Gadget Enthusiast

Could The Samsung Note 4 Mark The End Of The DSLR?

This Article Originally Appeared On Vulcan Post.

I am not a professional photographer. However, I enjoy taking photographs as a hobby and it gives me great satisfaction when images look stunning after a bit of post-processing.

Photographs are about capturing the right moment, the right lighting and the right mood. Yet, as I don’t carry my bulky DSLR with me all the time, there have been too many incidents when I’ve missed out on capturing a good moment.

Till now, DSLRs have had all the advantages with their big noiseless CCDs, plethora of lens options and thousands of manual settings for the perfect picture.

All this changed when I went and bought the Samsung Note 4. To be very honest, I was more concerned about its note-taking capability, and a good camera was just an added bonus. However, as I started taking more photos, the image qualities just completely blew my mind. After 3 months with the phone, I am happy to leave my DSLR and my advanced point-and-shoot at home, and safely take just my phone for most photo occasions. Here’s why:

Lack of a Bulky DSLR


The first thing which bothers me about DSLRs are the bulk they create, along with the extra lenses I usually carry. A mid-level DSLR with a wide angle, prime and telephoto lens is just a bother. Then, there is the additional hassle of charging the batteries in advance and taking care of the lenses.

With the NOTE 4, my phone/camera is always charged and I never have to bother with excess lenses which I need to carry. My entire photo kit fits into my pant pocket and is ready to go out whenever there is an occasion to take a picture.

Good Quality Image Sensor of the NOTE 4 


The NOTE 4 has a 16 MP sensor, and that is not the only good thing about it. It also has built in OIS (Optical Image Stabilisation), which produces some amazing low noise pictures. This kind of performance allows decent pictures — even in low light situations like a rock concert as shown above — and was almost unknown in phone cameras before the NOTE 4.

Seamless Editing and Upload to Social Media


I am not one of the purists who think post-processing is sacrilegious. In fact, I used to rely heavily on Photoshop in the past for general processing, and Photomatix for HDR photography. While I was using the DSLR, there was also always this bother about transferring the pictures from my camera to the computer, processing them and then uploading them again to Facebook or Instagram.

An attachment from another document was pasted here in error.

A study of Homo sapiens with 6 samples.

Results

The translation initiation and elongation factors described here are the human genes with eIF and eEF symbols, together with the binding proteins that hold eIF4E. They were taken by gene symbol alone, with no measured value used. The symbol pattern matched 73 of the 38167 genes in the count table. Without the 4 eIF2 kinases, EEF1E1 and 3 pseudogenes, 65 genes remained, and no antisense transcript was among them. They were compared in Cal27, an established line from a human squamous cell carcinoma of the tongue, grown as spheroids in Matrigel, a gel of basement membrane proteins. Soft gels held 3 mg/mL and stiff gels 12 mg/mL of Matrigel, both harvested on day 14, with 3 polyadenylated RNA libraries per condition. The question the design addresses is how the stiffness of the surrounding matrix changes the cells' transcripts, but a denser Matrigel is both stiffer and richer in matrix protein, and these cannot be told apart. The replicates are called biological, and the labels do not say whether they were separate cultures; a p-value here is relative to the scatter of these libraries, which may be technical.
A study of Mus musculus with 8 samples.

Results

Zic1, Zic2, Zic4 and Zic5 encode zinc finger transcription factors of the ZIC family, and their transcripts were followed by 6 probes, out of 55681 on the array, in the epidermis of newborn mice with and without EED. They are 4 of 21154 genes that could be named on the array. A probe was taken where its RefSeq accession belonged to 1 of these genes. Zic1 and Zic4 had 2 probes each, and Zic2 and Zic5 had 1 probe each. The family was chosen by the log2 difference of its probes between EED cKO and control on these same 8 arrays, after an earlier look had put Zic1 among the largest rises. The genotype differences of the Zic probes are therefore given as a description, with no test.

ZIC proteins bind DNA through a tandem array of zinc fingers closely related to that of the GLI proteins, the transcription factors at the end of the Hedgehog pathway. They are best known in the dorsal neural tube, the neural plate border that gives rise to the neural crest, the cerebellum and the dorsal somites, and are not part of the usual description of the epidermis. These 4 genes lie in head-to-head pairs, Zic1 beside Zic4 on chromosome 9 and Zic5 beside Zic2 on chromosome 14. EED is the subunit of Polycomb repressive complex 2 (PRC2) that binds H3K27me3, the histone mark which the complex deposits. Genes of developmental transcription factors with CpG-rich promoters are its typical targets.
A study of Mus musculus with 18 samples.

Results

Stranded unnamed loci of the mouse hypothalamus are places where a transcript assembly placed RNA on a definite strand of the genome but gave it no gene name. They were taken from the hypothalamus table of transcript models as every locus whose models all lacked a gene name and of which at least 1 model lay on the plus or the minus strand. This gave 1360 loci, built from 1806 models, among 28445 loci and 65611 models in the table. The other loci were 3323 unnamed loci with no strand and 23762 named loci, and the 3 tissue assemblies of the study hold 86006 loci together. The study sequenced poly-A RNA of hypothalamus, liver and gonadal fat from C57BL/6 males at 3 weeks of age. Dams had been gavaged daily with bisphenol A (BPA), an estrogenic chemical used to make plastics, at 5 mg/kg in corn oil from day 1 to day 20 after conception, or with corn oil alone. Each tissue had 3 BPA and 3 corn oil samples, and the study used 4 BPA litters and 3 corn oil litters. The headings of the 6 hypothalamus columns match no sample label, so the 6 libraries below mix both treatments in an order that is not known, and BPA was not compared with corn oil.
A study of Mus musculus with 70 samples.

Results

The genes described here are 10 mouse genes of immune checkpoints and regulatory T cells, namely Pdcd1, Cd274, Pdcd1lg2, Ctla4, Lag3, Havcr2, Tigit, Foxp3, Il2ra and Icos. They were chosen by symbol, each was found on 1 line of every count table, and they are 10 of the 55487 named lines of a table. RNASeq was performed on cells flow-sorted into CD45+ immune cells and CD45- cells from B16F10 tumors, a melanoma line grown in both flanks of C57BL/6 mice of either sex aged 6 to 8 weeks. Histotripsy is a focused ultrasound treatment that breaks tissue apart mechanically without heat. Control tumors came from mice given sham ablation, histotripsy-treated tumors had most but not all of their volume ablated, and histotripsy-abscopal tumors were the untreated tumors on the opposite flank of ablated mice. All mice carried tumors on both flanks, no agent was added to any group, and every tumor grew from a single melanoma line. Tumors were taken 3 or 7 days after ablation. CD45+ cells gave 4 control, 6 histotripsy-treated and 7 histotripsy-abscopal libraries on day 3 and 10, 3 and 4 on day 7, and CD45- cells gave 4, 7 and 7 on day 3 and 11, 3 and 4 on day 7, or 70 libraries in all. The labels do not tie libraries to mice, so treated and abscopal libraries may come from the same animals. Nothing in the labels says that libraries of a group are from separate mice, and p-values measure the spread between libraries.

I am stunned by the myriad of processing apps which are available on the Play Store nowadays, many of which are almost as powerful as computer-based options. After playing around with a lot of them for a while, two of these stand out:

  1. Snapseed : The most powerful of them all. Use it for its HDR option, detail option and general adjustments, as well as its Grunge Filters.
  2. VSCOcam : An elegant, minimalist app which I use after initial processing in Snapseed. VSCO has way better filters than Snapseed or Instagram, and can be purchased in-app.

Having processing apps on my phone makes everything — from capturing to final uploading on social media — a seamless process on one single device. 

Panorama, Google Camera Lens Blur


One complaint about phone cameras is that they lack that delicious Lens Blur DSLRs can produce with prime lenses, where the subject is in focus while the rest is a blur. Although that is hard to replicate on a phone camera with their low f-number lenses, Google Camera works around the problem to solve it software-wise, by creating a depth field of the scene in front.


Also, the panorama mode is extremely useful, especially if you think the limited field of view of the phone camera will prevent you from capturing the full essence of the scene in front of you. The panorama stitching works flawlessly, unlike previous phones, and produces some amazing results — like the image of Marina Bay in Singapore above.

A Phone Camera is Not Conspicuous


When engaging in people or street photography, a large DSLR with its massive lens is actually quite threatening to your subject, especially when you do not know them. On the other hand, a phone camera hardly raises an eyebrow when people are your subjects, so the Note 4 is an excellent choice for street photography.

So is this the end of DSLRs?

An Image of Milky Way Captured Handheld using FujiFilm X100s.
An image of the Milky Way, captured handheld using a FujiFilm X100s. (Image Credit: Arpan Roy)

Although phone cameras like the Note 4 have come a long way (and can be used for most occasions instead of a DSLR), low noise performances in ultra low light conditions are still better left to DSLRs and good point-and-shoot cameras like the FujiFilm X100s. The image of the Milky Way, for example, was shot using the X100s from a plane window using ISO 6400. Also, in cases where the use of speciality telephoto lenses or prime lenses for portrait photography is necessary, the phone camera falls far behind.